Proposed changes to employment law
With growing the UK economy firmly in mind, the Government announced a series of employment law measures set out in the Department for Business and Trade’s ‘Smarter Regulation to Grow the Economy’ policy paper. The paper, published on 10 May 2023, sets out the Government’s post-Brexit plans to reform employment law, although it confirms that the vast majority of EU derived laws will be retained.
It is important to note that implementing these changes will require new primary legislation to be adopted. Consultation on the proposed changes runs until 07 July 2023.
Recording employee working hours
The government intends to remove the WTR (Working Time Regulations 1998) requirements for businesses to keep records of workers daily working hours.
Query whether compliance with the WTR requirements was regularly adhered to by UK companies in this regard, meaning any changes to an employer’s requirement to keep such records is in practice unlikely to result in any significant changes to a company’s day to day record keeping.
Holiday pay and calculating holiday pay
Under EU law, workers are required to have 4 weeks annual leave. In the UK, domestic laws provide for a further 1.6 weeks holiday entitlement. The consultation paper proposes to merge the two holiday entitlements into one single entitlement of 5.6 weeks.
The intended effect of this change would be to remove the distinctions between the two holiday entitlements when calculating holiday pay. At present, the 1.6 weeks of UK leave can be paid based on basic pay, while the 4 weeks of EU leave must be paid based on “normal remuneration,” which includes additional payments like overtime and commission. The statutory definition of “normal remuneration” is challenging, and the consultation seeks input from both employers and workers on how holiday pay should be defined.
The rules on carry-over of leave also requires further clarification. The proposal suggests that 1.6 weeks can be carried over by agreement, but it’s unclear if the entire 5.6 weeks can be carried forward without restrictions.
The proposal introduces a new method for calculating holiday entitlement for new employees. They would accrue leave at the end of each pay period until the end of their first year of employment.
The government aims to simplify the process and eliminate confusion caused by current provisions with regards to holiday pay, but there remain areas that require further clarification and consideration.
‘Rolled Up’ holiday pay
The recent consultation has confirmed that rolled up holiday pay will be permitted in the UK. Rolled up holiday pay is a system where employers include an employee’s holiday pay in their regular wages instead of paying it separately when they take time off. This practice was previously considered incompatible with the Working Time Directive due to concerns that it discouraged employees from taking holidays. However, some companies, particularly those employing casual workers, have continued to use this method.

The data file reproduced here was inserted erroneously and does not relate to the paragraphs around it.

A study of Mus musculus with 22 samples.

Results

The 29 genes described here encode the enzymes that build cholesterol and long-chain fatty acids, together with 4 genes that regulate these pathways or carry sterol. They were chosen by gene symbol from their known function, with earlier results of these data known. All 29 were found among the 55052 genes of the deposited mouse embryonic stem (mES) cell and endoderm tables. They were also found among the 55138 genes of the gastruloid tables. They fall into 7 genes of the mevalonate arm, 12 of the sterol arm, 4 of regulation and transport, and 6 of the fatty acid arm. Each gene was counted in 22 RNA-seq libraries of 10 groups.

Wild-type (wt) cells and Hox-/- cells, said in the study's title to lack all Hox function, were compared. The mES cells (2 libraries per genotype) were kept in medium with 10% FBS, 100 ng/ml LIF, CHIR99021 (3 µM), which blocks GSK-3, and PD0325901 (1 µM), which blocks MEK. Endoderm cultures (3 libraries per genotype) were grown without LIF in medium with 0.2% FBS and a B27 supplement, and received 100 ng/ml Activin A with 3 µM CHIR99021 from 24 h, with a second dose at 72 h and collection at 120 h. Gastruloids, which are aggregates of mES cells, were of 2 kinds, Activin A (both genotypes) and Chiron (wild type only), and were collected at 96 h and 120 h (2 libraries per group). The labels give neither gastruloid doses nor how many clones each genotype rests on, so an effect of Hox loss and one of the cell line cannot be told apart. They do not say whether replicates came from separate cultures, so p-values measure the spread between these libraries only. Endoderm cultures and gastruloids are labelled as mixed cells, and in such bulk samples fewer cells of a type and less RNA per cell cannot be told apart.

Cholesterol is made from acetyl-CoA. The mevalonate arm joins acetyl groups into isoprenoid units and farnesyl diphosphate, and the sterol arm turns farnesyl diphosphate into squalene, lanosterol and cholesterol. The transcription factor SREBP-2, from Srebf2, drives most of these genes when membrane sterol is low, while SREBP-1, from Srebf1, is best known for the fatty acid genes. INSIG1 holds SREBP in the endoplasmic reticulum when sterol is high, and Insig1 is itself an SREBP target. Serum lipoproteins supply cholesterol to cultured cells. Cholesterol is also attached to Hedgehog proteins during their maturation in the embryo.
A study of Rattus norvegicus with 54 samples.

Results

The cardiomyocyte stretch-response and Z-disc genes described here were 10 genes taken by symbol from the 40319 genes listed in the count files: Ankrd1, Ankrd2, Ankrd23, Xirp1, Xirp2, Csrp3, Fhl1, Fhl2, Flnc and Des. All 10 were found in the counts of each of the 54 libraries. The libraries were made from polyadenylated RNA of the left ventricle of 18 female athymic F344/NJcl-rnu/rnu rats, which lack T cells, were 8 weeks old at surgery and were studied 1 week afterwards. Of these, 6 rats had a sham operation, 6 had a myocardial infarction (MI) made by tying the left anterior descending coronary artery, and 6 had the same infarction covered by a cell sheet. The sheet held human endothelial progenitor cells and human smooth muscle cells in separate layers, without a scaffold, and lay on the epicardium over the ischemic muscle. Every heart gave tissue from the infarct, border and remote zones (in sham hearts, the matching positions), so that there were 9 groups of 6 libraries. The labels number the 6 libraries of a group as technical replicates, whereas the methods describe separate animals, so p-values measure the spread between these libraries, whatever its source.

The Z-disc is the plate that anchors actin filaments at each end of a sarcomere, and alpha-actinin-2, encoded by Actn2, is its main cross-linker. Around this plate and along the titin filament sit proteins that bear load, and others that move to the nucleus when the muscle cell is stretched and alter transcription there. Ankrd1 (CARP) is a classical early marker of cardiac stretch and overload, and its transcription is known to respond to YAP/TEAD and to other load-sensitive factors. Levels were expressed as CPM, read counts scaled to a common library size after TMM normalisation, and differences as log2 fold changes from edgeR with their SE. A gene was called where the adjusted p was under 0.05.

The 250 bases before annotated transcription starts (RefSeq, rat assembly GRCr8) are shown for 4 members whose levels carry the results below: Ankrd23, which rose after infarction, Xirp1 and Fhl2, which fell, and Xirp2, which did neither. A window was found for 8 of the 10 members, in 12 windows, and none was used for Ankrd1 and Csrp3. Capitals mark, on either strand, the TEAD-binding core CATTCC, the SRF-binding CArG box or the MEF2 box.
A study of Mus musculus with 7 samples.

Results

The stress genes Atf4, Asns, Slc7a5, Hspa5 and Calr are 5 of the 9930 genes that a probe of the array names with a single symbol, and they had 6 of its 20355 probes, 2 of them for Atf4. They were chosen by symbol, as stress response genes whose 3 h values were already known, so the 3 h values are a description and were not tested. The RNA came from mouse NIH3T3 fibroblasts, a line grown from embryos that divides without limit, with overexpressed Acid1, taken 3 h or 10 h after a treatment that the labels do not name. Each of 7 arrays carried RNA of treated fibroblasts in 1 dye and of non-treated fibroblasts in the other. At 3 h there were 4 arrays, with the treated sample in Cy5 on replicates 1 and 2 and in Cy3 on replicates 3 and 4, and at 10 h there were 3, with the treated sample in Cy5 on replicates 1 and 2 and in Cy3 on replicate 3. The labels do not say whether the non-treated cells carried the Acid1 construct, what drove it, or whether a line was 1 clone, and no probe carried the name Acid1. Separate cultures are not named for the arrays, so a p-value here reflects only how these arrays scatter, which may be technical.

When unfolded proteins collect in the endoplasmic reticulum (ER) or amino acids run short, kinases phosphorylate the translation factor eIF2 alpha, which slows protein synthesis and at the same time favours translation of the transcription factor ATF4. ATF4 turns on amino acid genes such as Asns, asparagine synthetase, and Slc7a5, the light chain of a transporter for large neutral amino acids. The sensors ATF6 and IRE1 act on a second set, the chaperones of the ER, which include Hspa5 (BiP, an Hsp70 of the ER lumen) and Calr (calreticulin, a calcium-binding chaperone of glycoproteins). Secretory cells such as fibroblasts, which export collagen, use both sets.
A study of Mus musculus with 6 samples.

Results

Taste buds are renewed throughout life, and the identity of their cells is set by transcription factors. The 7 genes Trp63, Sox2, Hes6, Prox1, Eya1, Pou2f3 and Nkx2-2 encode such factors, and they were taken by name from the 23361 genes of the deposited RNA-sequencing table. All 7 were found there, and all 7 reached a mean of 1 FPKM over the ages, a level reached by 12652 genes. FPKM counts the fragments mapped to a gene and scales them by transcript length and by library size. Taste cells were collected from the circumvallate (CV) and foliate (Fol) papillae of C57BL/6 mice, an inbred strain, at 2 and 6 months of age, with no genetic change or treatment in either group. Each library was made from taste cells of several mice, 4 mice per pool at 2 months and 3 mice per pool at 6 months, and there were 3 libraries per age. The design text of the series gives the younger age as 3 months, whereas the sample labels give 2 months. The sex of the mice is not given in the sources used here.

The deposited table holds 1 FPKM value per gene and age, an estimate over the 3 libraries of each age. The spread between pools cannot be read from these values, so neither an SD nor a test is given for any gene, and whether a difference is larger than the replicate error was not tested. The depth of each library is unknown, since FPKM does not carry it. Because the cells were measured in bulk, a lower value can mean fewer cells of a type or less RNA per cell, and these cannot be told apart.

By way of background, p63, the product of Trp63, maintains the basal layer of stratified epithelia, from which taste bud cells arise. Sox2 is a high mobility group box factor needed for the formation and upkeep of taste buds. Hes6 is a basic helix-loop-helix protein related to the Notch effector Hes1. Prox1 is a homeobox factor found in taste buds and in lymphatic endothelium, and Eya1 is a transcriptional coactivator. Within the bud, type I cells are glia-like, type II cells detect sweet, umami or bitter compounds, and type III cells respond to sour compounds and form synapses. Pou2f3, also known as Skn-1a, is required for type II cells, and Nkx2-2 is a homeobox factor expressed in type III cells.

The UK Government is now proposing rolled up holiday pay as an option for all workers, including those with regular hours. The aim is to simplify holiday entitlement calculations and benefit both workers and employers. The proposed rate for rolled up holiday pay is 12.07% of pay for hours worked, which aligns with the proportion of statutory annual leave in relation to working weeks.
The consultation emphasises the need to inform workers about the change and to clearly set out rolled up holiday pay on payslips.
Changes to TUPE
The government is planning to make changes to the consultation requirements under TUPE (Transfer of Undertakings (Protection of Employment) Regulations 2006) in order to simplify the process of transferring employees between companies.
The proposed changes include allowing all small businesses (those with fewer than 50 employees) to directly consult with employees if there are no existing employee representatives, without the need for arranging elections for new representatives.
Businesses of any size would be allowed to consult directly with employees when a transfer involves a small number of employees (a transfer of less than ten). These proposed changes aim to streamline the transfer process and make it more efficient for business operations.
The Government plans to restrict non-compete clauses in employment contracts to a maximum of three months. Non-compete clauses are post-termination restrictions that employers use to prevent employees from working for competitors after leaving their company. In order to be enforceable, these clauses must be reasonable and necessary to protect the employer’s legitimate business interests, such as protecting confidential information and customer connection.
Other types of post-termination restrictions, such as non-solicitation clauses that prevent employees from poaching clients or staff, paid notice periods, garden leave clauses, and confidentiality clauses, will remain unchanged.
The intended impact of this change is to provide more flexibility for employees by enabling them to join competitors or start their own enterprises, resulting in a wider talent pool and therefore benefiting the overall economy. However, an increase in the use of garden leave clauses, which prevent employees from working for any party during the restraint period, may offset these intended benefits. It is unclear whether the proposed restrictions will apply to non-compete clauses in contracts other than employment contracts, and the impact on existing non-competes longer than three months is also uncertain.
How we can help
If you have any queries regarding the current legal position, or on any of the proposed changes, please don’t hesitate to get in touch with our employment team.